I’m troubled, dear reader, deeply troubled. There is a new movement on t’interweb decrying all things pink.
It seems, according to those behind the PinkStinks campaign that if we choose to let our little ladies dress in pink clothes and play with pink toys we are condemning them to a life of unrealistic expectations and low level goals.
The plethora of pink toys now on sale in the Early Learning Centre (which has borne the brunt of the PinkStinks ladies’ anger) are sexist, demeaning and are breeding a generation of proper little princesses who wouldn’t know how to use their brains if their life depended on it.
Now there are several things about this which trouble me greatly. The first is that by hitting out at shops which sell toys aimed at say “imaginative home making play” the people behind PinkStinks are actually demeaning every woman who has made a legitimate life choice to be a home-maker.
It seems, if you read the campaigners’ website - listing as it does teams of appropriate role models for our daughters- that raising a family, keeping a house and doing other more traditional female roles is somehow letting down the entire gender.
The second, and related, thing which troubles me is the assumption that playing traditionally female orientated games as a child melts your brains and renders you incapable of ever making anything of any significance out of your life
I shall put it on the record that as a child I was a girly girl. I had Barbies and Sindys coming out of my ears. My favourite ever, ever Christmas present was a dolls’ house. My proudest childhood moment was adopting a Cabbage Patch Doll by the name of Lana who I would cart everywhere in a baby carrier and who I would beg my mammy to knit clothes for.
I dressed, whenever possible in pink - but my brain (for the most part) remained unmelted. I did well in school. I got a good job. I would consider myself to be a decent enough role model for my daughter or my nieces. I never felt pushed in a fluffy direction. I never felt I was being discouraged from achieving anything I may have wanted - be it being a home-maker or a brain surgeon. The sky was the limit.
Which leads me to my third point. The availability of pink toys, and tutus and princess slogan t-shirts does not a generation of wannabe bimbos make.
Young girls don’t form their attitiudes by the colour of the toys they play with, or the pink curtains in their bedrooms or the T-shirts which declare they are little princesses.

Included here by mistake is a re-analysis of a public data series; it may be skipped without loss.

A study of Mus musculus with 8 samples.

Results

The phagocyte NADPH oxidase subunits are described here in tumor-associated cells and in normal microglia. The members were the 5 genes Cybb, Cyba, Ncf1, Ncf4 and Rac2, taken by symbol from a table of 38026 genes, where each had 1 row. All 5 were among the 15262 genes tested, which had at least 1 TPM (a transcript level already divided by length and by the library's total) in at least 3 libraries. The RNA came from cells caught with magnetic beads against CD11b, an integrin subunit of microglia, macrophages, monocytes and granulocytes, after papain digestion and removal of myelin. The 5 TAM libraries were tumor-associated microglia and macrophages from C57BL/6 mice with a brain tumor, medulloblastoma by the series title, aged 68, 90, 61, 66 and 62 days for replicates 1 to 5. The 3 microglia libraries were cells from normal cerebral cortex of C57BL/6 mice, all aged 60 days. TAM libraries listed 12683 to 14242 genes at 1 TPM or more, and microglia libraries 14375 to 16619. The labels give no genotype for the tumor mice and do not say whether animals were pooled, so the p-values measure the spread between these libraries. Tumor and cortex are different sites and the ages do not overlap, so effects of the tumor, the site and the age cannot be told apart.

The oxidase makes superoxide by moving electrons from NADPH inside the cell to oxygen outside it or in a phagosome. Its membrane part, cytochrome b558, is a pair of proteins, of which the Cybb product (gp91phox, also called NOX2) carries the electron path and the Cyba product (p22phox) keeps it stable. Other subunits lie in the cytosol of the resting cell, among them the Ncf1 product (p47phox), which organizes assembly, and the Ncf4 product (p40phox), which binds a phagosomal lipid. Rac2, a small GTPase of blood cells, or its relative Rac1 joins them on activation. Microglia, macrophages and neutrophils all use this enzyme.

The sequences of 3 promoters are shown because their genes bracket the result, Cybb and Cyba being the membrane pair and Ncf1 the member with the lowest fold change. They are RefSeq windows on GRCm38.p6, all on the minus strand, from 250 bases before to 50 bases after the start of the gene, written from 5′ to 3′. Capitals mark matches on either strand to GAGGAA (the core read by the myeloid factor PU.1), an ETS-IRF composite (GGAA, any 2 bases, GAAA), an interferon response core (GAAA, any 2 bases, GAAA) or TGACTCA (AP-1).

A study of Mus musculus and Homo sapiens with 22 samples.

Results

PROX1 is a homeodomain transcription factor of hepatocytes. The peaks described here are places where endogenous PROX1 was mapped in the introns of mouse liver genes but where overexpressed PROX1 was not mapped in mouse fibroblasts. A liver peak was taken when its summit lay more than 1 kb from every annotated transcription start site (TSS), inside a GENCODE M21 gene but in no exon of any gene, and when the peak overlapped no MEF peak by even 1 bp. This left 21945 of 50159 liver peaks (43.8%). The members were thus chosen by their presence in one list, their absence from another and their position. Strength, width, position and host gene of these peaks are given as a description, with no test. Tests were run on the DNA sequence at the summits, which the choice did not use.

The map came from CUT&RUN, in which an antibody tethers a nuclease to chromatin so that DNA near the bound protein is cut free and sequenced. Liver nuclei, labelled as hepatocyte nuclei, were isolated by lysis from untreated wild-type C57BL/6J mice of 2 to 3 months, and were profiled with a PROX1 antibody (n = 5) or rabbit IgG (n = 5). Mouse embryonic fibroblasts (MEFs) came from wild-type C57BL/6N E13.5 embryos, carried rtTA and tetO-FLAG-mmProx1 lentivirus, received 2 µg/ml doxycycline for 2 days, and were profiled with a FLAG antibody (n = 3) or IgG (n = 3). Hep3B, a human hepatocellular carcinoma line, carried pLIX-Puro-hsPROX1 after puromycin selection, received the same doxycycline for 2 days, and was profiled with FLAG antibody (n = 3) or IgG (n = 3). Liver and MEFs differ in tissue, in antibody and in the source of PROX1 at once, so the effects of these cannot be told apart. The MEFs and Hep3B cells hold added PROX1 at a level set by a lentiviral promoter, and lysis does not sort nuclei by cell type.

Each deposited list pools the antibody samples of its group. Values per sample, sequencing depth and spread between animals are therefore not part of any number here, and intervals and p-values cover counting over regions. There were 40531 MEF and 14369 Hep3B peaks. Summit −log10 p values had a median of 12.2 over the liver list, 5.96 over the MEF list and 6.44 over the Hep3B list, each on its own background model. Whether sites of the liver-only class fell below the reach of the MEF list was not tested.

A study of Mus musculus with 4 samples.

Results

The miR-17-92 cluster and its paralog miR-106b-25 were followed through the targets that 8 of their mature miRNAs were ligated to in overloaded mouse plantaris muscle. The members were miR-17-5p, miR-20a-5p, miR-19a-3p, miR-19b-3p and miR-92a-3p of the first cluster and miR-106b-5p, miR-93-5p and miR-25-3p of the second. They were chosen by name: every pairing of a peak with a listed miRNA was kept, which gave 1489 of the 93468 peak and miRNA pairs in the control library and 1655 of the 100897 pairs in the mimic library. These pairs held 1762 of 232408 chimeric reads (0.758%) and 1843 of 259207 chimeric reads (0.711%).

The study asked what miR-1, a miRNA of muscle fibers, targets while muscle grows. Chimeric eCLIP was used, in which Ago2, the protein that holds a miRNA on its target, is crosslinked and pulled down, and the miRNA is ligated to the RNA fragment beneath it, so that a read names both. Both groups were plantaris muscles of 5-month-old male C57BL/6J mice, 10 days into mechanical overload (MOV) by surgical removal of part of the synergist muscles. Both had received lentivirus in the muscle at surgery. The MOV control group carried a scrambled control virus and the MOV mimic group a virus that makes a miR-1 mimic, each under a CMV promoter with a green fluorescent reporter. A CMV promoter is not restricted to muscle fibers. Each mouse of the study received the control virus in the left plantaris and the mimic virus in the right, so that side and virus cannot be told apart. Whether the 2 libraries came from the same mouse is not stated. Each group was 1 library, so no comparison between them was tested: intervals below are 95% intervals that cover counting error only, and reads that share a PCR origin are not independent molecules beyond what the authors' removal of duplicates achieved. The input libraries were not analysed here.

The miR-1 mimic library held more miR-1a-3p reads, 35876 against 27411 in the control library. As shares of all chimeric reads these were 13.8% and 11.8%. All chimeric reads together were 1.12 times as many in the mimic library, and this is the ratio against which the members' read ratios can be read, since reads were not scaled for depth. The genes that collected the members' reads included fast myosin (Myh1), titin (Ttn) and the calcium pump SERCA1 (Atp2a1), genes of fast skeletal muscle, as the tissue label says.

They form their attitudes from the people around them and the examples they are given. There is nothing wrong with buying your four year old a pink kitchen, as long as you don’t bat an eyelid when they ask Santa for a Fireman Sam fire engine. Similarly, there is nothing wrong with decking your wee one in all the pink finery of the day as long you don’t loss the head should they climb a tree and tear a hole in it.
The PinkStinks campaign to me smacks of yet another example in today’s world where things that women and girls enjoy are belittled and used against us to make us feel as if we are somehow intellectually inferior.
It’s the same old toot that is peddled out time and time again about the films we watch, the books we read, the shoes we wear and now the very toys we let our children play with.
Pink is simply a colour - and if we are going to get all girly - a pretty colour at that. It is not a definition of an attitude or an IQ level. It is not a colour used to keep women in their place. And if we women choose to wear pink or buy pink toys for our daughters we are not demeaning them in any way.
For the record, yes, since the arrival of my daughter in March my house has developed somewhat of an “explosion in a marshmallow” factory feel about it. But she isn’t being discouraged from anything. I’ll be the proud mammy cheering the loudest when she decides on her path in life - be it as mother herself, a journalist, an author or - if she wants - a plumber.
Restrictions on our children are not formed by colours. They are formed by narrow minded people who want to see problems where none exist. And that, dear reader, is what stinks.